Page 14 - I shall be present or not, for to confess my weakness, Ned, my ambition is prevalent, so that I contemn the grovelling condition of a clerk or the like, to which my fortune condemns me, and would willingly risk my life, though not my character, to exalt my station. I am confident, Ned, that my youth excludes me from any hopes of immediate preferment, nor do I desire it; but I mean to prepare the way for futurity.
Page 343 - His integrity was most pure, his justice the most inflexible I have ever known, no motives of interest or consanguinity, of friendship or hatred, being able to bias his decision. He was, indeed, in every sense of the words, a wise, a good, and a great man.
Page 29 - I thought Edgeworth a fine old fellow, of a clarety, elderly, red complexion, but active, brisk, and endless. He was seventy, but did not look fifty — no, nor forty-eight even.
Page 342 - I delivered him confidential papers in my own handwriting to deliver to your Excellency ; thinking it much properer he should return by land, I directed him to make use of the feigned name of John Anderson, under which he had, by my direction, come on shore, and gave him my passports to go to the White Plains on his way to New York. This officer...
Page 322 - I beg your Excellency will be persuaded that no alteration in the temper of my mind, or apprehension for my safety, induces me to take the step of addressing you, but that it is to secure myself from an imputation of having assumed a mean character, for treacherous purposes or self-interest — a conduct incompatible with the principles that actuated me, as well as with my condition in life.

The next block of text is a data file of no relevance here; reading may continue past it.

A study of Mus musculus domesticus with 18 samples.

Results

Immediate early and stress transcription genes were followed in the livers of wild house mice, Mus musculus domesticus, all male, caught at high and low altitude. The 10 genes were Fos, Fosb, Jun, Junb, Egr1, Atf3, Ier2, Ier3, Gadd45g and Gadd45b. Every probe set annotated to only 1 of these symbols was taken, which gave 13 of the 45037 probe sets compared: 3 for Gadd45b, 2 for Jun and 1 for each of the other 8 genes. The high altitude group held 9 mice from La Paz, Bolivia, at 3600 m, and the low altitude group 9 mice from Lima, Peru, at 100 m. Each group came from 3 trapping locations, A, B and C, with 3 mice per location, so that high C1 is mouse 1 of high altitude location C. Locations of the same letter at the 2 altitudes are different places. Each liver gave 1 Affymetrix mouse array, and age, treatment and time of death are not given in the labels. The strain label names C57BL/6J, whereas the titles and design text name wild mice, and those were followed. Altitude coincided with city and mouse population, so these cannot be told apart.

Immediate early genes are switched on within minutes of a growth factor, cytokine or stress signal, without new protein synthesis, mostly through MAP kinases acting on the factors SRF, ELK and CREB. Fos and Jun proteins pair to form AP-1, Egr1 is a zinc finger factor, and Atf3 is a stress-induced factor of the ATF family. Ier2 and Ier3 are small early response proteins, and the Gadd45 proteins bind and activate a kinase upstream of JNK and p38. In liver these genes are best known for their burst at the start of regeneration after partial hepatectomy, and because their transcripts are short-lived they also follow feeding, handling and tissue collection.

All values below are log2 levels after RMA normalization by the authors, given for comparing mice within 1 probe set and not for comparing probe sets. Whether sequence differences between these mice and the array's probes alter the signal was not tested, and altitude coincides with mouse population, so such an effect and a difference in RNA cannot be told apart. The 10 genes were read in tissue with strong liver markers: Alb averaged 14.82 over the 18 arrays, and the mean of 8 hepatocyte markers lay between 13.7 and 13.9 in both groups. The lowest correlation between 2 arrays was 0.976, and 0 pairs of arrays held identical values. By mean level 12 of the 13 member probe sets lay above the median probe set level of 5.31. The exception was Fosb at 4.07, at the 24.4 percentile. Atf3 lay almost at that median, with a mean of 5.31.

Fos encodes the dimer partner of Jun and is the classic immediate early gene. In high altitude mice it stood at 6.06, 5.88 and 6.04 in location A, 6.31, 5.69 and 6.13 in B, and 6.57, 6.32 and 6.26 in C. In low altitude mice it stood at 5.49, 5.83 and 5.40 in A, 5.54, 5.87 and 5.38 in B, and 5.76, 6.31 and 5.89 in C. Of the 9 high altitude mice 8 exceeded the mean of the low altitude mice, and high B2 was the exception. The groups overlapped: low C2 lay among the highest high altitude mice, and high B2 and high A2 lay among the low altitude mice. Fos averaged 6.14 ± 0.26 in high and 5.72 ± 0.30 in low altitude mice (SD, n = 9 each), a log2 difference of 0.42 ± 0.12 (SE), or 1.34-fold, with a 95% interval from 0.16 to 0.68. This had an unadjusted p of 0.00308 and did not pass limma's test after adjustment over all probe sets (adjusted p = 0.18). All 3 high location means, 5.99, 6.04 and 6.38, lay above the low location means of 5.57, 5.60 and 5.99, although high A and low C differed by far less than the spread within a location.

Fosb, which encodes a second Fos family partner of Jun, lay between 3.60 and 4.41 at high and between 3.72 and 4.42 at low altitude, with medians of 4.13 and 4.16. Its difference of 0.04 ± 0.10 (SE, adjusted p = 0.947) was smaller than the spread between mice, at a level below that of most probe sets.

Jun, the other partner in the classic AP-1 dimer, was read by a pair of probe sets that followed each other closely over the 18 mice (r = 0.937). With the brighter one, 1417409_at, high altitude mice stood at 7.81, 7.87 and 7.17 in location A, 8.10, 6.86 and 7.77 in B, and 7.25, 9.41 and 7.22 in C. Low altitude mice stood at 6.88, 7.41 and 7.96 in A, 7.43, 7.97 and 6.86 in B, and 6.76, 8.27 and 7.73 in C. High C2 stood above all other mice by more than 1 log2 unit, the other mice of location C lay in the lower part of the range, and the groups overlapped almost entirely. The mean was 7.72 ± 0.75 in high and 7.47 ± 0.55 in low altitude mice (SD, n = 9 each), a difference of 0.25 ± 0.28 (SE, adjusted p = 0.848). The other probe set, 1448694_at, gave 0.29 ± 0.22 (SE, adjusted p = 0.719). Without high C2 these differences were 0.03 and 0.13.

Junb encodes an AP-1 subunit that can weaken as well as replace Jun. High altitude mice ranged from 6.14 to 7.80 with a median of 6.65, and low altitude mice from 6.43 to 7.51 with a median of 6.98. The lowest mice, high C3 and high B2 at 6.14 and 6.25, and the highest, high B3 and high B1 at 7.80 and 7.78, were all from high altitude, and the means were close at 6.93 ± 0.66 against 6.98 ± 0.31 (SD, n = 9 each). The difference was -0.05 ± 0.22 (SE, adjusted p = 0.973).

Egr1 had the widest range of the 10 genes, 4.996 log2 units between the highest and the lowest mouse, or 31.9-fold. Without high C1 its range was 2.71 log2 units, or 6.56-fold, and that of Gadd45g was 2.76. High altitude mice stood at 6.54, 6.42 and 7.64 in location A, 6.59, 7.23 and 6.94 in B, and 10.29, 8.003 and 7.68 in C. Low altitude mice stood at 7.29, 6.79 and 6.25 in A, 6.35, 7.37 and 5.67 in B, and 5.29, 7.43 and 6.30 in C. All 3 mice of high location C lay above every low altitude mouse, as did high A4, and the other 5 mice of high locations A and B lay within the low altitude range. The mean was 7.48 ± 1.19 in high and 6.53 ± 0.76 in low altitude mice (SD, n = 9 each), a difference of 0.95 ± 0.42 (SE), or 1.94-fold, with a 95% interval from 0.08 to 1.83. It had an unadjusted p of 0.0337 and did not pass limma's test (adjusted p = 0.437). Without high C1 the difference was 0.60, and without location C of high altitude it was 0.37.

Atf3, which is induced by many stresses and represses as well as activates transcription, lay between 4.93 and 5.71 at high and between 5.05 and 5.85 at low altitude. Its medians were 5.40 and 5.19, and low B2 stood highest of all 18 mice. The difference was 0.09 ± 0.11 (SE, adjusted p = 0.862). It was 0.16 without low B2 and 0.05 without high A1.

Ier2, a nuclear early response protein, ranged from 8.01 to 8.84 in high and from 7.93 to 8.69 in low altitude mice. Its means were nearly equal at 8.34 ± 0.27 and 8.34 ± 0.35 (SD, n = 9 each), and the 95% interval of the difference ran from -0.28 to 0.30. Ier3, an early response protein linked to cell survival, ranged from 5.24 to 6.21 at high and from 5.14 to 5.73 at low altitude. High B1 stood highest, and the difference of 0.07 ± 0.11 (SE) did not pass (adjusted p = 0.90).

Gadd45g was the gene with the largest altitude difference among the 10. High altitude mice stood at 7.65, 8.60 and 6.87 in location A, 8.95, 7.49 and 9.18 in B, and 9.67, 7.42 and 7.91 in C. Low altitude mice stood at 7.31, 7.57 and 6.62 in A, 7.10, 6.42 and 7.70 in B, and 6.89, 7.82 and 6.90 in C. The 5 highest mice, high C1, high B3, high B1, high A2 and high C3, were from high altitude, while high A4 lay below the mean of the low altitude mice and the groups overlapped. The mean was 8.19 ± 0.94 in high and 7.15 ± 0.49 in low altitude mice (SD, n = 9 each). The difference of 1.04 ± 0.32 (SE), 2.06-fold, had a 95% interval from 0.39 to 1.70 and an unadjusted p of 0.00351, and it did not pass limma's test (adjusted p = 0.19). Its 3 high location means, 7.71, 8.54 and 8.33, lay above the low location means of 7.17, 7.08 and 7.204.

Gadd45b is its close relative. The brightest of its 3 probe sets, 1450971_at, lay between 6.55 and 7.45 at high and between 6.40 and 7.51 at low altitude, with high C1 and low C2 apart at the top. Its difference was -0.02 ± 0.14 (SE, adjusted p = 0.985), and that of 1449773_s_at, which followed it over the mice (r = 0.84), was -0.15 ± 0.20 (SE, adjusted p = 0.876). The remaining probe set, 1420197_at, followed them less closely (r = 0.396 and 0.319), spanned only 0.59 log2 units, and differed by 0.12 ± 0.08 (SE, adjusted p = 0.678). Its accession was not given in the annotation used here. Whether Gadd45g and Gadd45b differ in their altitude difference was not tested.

Page 82 - I have been taken prisoner by the Americans, and stripped of every thing except the picture of Honora, which I concealed in my mouth. Preserving that, I yet think myself fortunate.
Page 323 - Thus, as I have had the honor to relate, was I betrayed (being adjutant-general of the British army) into the vile condition of an enemy in disguise within your posts. Having avowed myself a British officer, I have nothing to reveal but what relates to myself, which is true on the honor of an officer and a gentleman. The request I have...
Page 350 - Andre, about his conception of his coming on shore under the sanction of a flag, he said, that it was impossible for him to suppose he came on shore under that sanction, and added, that if he came on shore under that sanction, he certainly might have returned under it.
Page 334 - ... the least opportunity of doing it. That he may be less liable to be recaptured by the enemy, who will no doubt make every effort to regain him, he had better be conducted to this place by some upper road, rather than by the route of Crompond. I would not wish Mr. Andre to be treated with insult...
Page 465 - Parnassus fair every Thursday, give out rhymes and themes, and all the flux of quality at Bath contend for the prizes. A Roman vase, dressed with pink ribbons and myrtles, receives the poetry, which is drawn out every festival ; six judges of these Olympic games retire and select the brightest compositions, which the respective successful acknowledge, kneel to Mrs. Calliope Miller, kiss her fair hand, and are crowned by it with myrtle — with — I don't know what.